2020 U.S. Open scores: Patrick Reed, Justin Thomas among nine who can withstand the Winged Foot test

More golfers shot 85 or worse than shot under par on Friday in the second round of the 2020 U.S. Open at Winged Foot. Folks, the national championship has officially begun. After 21 players finished Thursday’s first round under par, only six remain there going into Saturday’s third round.

And it’s not like the USGA is intent on making their premier event easier as the week wears on. It might not be another massacre at Winged Foot like we saw in 1974, but there will for sure be a war over the next 36 holes for the first major trophy of the season.

Patrick Reed leads at 4 under, and that is fitting in so many ways. His on-course toughness is maybe chief among them. Reed hit just 10 fairways through two rounds, but he absolutely battled his way to a 66-70 start at one of the nastiest tests in all of golf. He’s one of just four golfers who shot par or better in each of the first two rounds. 

Not only is Reed set up well on the leaderboard, but his game sets up well to navigate the next 36 holes. Though he’s not necessarily one of the elite tee-to-green players in the game today, he might be the best (and toughest) scrambler in the field. If he goes, he won’t go quietly this weekend, and he leads our list of those currently in contention after 36 holes best situated to beat the fire the USGA will throw at this field at Winged Foot over the last two rounds.

1. Patrick Reed (-4): Though Reed only has one top 10 at a U.S. Open (T4 in 2018), his short game is perfect for this kind of test. The more tucked the pins get, the better his chipping and putting will look, even in a field like this. The concern here is whether his driver will take him too far out of it for the short game to even matter.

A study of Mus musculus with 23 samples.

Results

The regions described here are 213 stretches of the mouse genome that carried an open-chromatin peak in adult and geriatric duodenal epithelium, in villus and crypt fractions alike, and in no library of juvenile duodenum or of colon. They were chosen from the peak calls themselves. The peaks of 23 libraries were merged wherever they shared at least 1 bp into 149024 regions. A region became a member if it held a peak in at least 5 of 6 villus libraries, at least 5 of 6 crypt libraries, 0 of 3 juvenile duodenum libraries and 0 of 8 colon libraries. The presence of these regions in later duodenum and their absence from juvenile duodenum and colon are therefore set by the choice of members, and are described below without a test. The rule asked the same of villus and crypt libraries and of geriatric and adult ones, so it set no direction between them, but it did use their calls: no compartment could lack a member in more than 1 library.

2. Justin Thomas (-2): He absolutely went to work over the last eight holes on Friday after making double at his 10th hole of the day. It was coming unraveled, and he had absolutely nothing off the tee. He’s a low-key grinder, though, and he can be as creative as Reed around the greens. He’s also a much better iron player. If he can straighten it out off the tee, he’ll most likely win.

3. Jon Rahm (+1): Five back of Reed, Rahm quietly sneaked in at 1 over early in the day on Friday, and he has been absolutely crushing on the weekend over the last few months. Six of his last seven Sunday rounds have been 66 or better, and the one that was not was a 75 in an event he went on to win. If I’m leading, he’s the one that terrifies me. He’s also in the top 10 this week from tee to green.

4. Xander Schauffele (E): He’s a stud at events like this (three straight top-six finishes at the three U.S. Opens he’s played), and he has no holes. If I have to wager on somebody who will definitely finish inside the top 10, it’s Schauffele.

5. Bryson DeChambeau (-3): I did not see this coming. Big Bryson banging drivers all over the yard at A.W. Tillinghast’s Mona Lisa, and it actually working was quite unexpected. I’ll say this about his performance: When it works, it absolutely works. But there’s also the opportunity for it to go quite badly over the next 36. I have to have him here because he’s in solo second, but I do not feel great about the final two rounds.

6. Harris English (-2): He has been absolutely flushing the golf ball for about two straight months. Currently third in this field from tee to green, and though he’s not the first guy you think of when you think of elite short games, it won’t matter if he keeps hitting it like he’s hitting it right now.

7. Tony Finau (+2): He’s been the worst putter among the best ball-strikers. That’s absolutely a recipe to move forward when everybody is flailing on a nasty course on the weekend. If he shoots 70-70 — and based on how he’s hitting it, he very well could — he’ll probably win by a couple on Sunday.

8. Hideki Matsuyama (E): He was the only player under par in the afternoon, and he’s been the second-worst putter other than Finau (of the top ball-strikers). His wedges are immaculate (see chip below), and he won’t fade as the pin positions get more difficult. Give me one hot putting round, Hideki!

9. Louis Oosthuizen (+1): It was difficult to narrow it down here between Oosthuizen, Joaquin Niemann, Matthew Wolff and Thomas Pieters. I’ll go with experience over firepower, though, and watch Oosthuizen climb the board by pounding par all day on Saturday.